I’m on Debian 11 (Bullseye) and I installed Docker to run an app (GitHub - ngoduykhanh/PowerDNS-Admin: A PowerDNS web interface with advanced features). For some reason, when I run it, it’s being run as the _apt user. I’m not sure why that’s happening. The Docker daemon and other core Docker processes are still run as root.

I don’t think it runs as _apt. On Debian 11 the _apt user’s ID is 100. The alpine Docker image doesn’t have any user with this id. When it creates a new system user with the following instructions:

adduser -S -D -G ${USER} ${USER}

It assigns 100 as user id to the “pda” user.

When the container runs the process inside the container is executed as pda, which has the ID 100, and you see it from the host’s point of view as “_apt” which has the same id.

On Linux a user is essentially an ID and /etc/passwd maps the ID and the username. But this file can be different in each container.

Here is the link to above instruction in the Dockerfile on Github:


About this though, I have some questions.

  1. Why does it show up as though it’s being run as the _apt user, since I think that by default, all programs run as root? (I checked using the htop command.)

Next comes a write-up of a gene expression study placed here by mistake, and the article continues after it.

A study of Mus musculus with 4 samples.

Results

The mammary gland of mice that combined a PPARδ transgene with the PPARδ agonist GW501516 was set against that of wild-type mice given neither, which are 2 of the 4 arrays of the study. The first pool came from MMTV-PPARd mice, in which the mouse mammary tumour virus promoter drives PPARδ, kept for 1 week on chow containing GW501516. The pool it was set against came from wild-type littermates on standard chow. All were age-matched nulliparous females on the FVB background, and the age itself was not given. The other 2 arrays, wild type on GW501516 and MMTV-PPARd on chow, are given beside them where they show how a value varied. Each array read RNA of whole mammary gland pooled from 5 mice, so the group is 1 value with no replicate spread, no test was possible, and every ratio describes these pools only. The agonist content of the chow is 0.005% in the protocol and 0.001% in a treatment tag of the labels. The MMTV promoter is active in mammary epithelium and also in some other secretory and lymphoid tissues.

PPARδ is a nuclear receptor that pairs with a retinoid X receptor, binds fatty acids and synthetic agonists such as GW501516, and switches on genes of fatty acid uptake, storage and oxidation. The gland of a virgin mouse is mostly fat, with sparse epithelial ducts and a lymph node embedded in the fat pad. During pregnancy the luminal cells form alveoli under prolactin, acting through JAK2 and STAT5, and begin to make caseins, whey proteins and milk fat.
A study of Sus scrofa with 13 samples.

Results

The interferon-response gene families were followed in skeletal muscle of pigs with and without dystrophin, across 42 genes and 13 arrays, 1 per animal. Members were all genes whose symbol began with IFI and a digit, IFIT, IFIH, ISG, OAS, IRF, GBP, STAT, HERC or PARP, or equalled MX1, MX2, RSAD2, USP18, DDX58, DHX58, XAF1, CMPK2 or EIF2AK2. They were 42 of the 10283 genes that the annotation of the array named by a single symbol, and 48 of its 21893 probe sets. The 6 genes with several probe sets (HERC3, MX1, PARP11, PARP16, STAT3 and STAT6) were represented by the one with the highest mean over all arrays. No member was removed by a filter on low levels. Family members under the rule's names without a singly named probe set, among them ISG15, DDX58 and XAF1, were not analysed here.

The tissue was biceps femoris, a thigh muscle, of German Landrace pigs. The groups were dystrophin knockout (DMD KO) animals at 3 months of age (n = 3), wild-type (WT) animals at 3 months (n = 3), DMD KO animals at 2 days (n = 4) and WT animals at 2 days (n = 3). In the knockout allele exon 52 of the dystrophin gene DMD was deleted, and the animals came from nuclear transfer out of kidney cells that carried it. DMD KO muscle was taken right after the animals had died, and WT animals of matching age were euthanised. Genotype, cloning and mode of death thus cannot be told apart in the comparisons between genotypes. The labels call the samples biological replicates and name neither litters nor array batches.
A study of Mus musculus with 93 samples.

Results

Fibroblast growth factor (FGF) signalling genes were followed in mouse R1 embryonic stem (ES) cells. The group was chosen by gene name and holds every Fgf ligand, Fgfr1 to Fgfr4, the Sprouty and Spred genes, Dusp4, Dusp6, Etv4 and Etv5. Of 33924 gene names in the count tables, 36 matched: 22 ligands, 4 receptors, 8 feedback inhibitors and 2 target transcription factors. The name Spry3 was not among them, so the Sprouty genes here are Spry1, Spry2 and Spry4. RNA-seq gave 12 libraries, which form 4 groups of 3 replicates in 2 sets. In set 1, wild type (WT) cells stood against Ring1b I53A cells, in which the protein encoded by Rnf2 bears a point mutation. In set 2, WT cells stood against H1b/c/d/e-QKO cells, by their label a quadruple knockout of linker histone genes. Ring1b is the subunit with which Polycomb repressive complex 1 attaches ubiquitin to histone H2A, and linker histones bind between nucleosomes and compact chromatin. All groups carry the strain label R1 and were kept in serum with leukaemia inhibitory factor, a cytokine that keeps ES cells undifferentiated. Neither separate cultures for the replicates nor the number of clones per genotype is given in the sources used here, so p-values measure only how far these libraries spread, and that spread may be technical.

2. What would’ve happened if the UID did not belong to a user on the host machine?
  3. I don’t think rootless mode is enabled, so what user is it actually running as (outside of the container)?

As I was trying to explain, the username does not matter at all. Without rootless Docker or using user namespaces both the container and the host will use UID 0 for the root user. Everything else can be different. Each container has its own user database and the container “decides” which ID will belong to which username. So you see the owner of a process is _apt because the host knows UID 100 and “thinks” it is the ID of “_apt” so it shows you to help you see a friendly name. If the container uses a userid which is not mapped to a username on the host, then you will see the userid not the name. No other difference.

User namespaces are to separate the user IDs in a container from the host. So the root user gets UID 0 on the host and it gets for example UID 100000 inside the container, except that the container “thinks” it has UID 0. It is just lying to the container about the UID.

Rootless containers are similar. If you don’t run the container as root, you will not have the permission to use any ID like UID 0 so it has to use user namespaces.

Ah ok, thank you very much! I appreciate your help. This clears up a lot of my confusion.